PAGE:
So, I just watched T2: Trainspotting.
(Side note: what’s with that title?)
Was it good? Yes. Was it as good as the original Trainspotting? No, of course not. But do we really have to compare the two? Yes, because this is exactly the kind of movie that invites that comparison.
T2 is the most sequelly sequel that ever sequelled. It is not really a movie in its own right, but rather something of an afterword to the original. The first act begins quite independent of its predecessor, and gets progressively more nostalgic as time goes on. And let me be the first to say that I love Trainspotting. If it’s not my absolute favorite movie it’s at least in my top five. So while I was excited to see T2, a movie I’ve been anticipating for years, I also knew not to expect too much lest I be let down. So I will first say that, despite my doubts, I thoroughly enjoyed this movie. It’s well-written, well-acted, with nice cinematography and editing in the way that makes Danny Boyle’s films distinctive and strong. Where the movie goes wrong is depending too much on its parent.
Everything in the world is different, but nothing much has changed for these men. Twenty years after the events of the first Trainspotting, Mark Renton returns to Edinburgh to visit his father and the old friends he once screwed over. Begbie, Sick Boy (though he goes by Simon now), and Spud have all let their lives stagnate in various ways, and each look to Mark’s act of betrayal at the end of the first movie as the main reason why their lives have gone to shit. This is unfair, of course; what Mark did was an absolute dick move but it can’t really be to blame for everything. Begbie was always going to end up in jail whether or not Mark made him that much angrier; Simon would never have used that money well even if Mark hadn’t stolen it; Spud would have stayed an addict even if he didn’t have the extra money Mark left him. Nevertheless, all three men have refused to move on from an event that took place twenty years ago. Mark, meanwhile, made a valiant attempt at a normal life— moving to Amsterdam, kicking heroin, marrying, getting a real job— but recently all of that’s been falling apart so he moves back to Edinburgh to remember all the good times he spent there. Simon and Mark concoct hair-brained scheme to make money and we’re off to the races.
The strongest moments of the film were the moments that didn’t rely too much on reminding us of what a great movie the first one was.
T2 is all about nostalgia, and in some moments that’s done very well. In others it’s not. There’s a point, late in the film, that leaned so heavily on it I can’t not bring it up. It’s a scene where Mark reminisces about going into the first day of kindergarten and sitting down next to an “older” boy who had been held back a few years, who would turn out to be Begbie and his lifelong friend.
This is a completely ridiculous thing to say on multiple levels. First, Robert Carlyle (Begbie’s actor) is a good ten years older than Ewan McGregor (Mark) so that would make him a fifteen-year-old still in kindergarten. Even if you’re generous and say that the character Carlyle is playing is only five years older than Renton, that still makes him a ten-year-old somehow still in kindergarten which is still an upsettingly stupid idea. I’d be more comfortable if Mark had just said that he and Begbie were the same age.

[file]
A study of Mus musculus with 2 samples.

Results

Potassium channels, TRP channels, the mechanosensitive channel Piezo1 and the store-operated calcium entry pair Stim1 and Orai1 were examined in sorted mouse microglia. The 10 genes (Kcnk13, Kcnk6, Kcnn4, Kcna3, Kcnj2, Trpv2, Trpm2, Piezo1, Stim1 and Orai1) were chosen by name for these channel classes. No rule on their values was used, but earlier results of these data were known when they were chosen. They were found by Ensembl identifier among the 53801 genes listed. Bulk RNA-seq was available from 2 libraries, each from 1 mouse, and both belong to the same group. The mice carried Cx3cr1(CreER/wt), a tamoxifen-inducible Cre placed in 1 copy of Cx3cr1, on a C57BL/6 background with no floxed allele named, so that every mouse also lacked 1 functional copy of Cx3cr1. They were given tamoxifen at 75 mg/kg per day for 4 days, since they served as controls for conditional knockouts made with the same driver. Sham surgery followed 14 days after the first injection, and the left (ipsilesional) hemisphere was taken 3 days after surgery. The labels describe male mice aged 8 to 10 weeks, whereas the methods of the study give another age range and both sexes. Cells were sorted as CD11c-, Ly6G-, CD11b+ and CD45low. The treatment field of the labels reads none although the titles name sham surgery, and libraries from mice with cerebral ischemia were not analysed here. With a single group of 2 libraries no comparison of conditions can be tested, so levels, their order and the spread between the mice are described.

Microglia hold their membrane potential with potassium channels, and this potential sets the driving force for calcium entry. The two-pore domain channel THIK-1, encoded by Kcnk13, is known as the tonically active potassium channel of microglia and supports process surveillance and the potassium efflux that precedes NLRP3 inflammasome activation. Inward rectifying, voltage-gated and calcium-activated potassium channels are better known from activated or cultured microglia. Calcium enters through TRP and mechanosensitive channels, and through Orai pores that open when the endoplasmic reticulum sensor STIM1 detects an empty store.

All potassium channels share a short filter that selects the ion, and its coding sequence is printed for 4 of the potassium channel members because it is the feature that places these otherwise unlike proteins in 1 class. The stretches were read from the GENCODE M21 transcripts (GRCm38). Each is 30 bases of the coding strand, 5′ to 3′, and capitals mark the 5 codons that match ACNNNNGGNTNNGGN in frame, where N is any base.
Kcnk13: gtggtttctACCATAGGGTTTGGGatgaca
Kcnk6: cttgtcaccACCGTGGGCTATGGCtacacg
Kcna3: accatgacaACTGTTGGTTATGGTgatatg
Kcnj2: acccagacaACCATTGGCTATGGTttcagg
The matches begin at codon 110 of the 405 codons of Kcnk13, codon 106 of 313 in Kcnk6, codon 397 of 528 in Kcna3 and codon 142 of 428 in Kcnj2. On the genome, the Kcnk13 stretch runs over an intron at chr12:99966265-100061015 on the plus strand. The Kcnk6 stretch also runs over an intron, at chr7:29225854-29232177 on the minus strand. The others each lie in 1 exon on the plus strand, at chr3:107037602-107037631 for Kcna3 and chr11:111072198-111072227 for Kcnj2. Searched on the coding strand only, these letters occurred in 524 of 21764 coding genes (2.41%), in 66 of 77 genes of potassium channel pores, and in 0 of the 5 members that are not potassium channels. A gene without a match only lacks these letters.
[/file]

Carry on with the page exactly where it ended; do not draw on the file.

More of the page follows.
Second, Mark clearly hated Begbie in the first movie, remaining his friend only out of a fear of what Begbie might do otherwise. An attempt such as this to inject emotional depth into a situation is transparent and painful. True, everyone looks at the past through rosy lenses— a lot of this movie is about that— but it’s hard to imagine either man being able to look back fondly on their relationship. That, my friends, is what we call a retcon and it’s a sure sign of a weak story. The reason I’m talking so much about this part is that in a way it’s representative of the whole movie: sweet and well-filmed but excessively nostalgic, and in some ways just not quite right.
But hey, it was fun. If you’ve seen Danny Boyle’s other movies, he’s got this very characteristic fast and rhythmic style that I think is just really fun to watch— though sometimes with some of the especially wacky shots you get the feeling that if someone were to ask him, “hey Danny Boyle, why did you make the shot this way?” He’d just be like, “I dunno, I thought it was cool.” But they are fun to watch so whatever, right?
You can tell that it was meant to be made 10 years after the original movie, and not 20. Because I can excuse this group of guys not being able to move on from a thing that happened 10 years ago. But 20? that’s kind of unbelievable. That’s like a whole my lifetime. A whole me has happened and they still can’t move on?
It’s hard to reinvigorate excitement for something that a whole generation of people have now grown up not having seen or talked about, at least in the US. I don’t know what the case is for the UK. It doesn’t help that, except for Ewen McGregor, none of these guys have gone on to have wildly successful careers. It feels like T2 is subconsciously telling the story of its own cast and crew rather, which just feels kind of sad.
Here’s an example: If you haven’t seen the original Trainspotting, the opening scene is really iconic; it’s got Renton and Spud running down a street, pursued by police, with Iggy Pop’s “Lust for Life playing” in the background and there’s this famous monologue that Ewen McGregor gives in voiceover. Unless my memory fails me, T2 made at least four references to that one scene in some way or other, and this feels like too much. It’s time to move one, Danny, and make some new iconic scenes.
T2 Trainspotting rides on the coattails of its predecessor, but there are diminishing returns to that; at some point Boyle and everyone else need to take their own movie’s advice and face the music.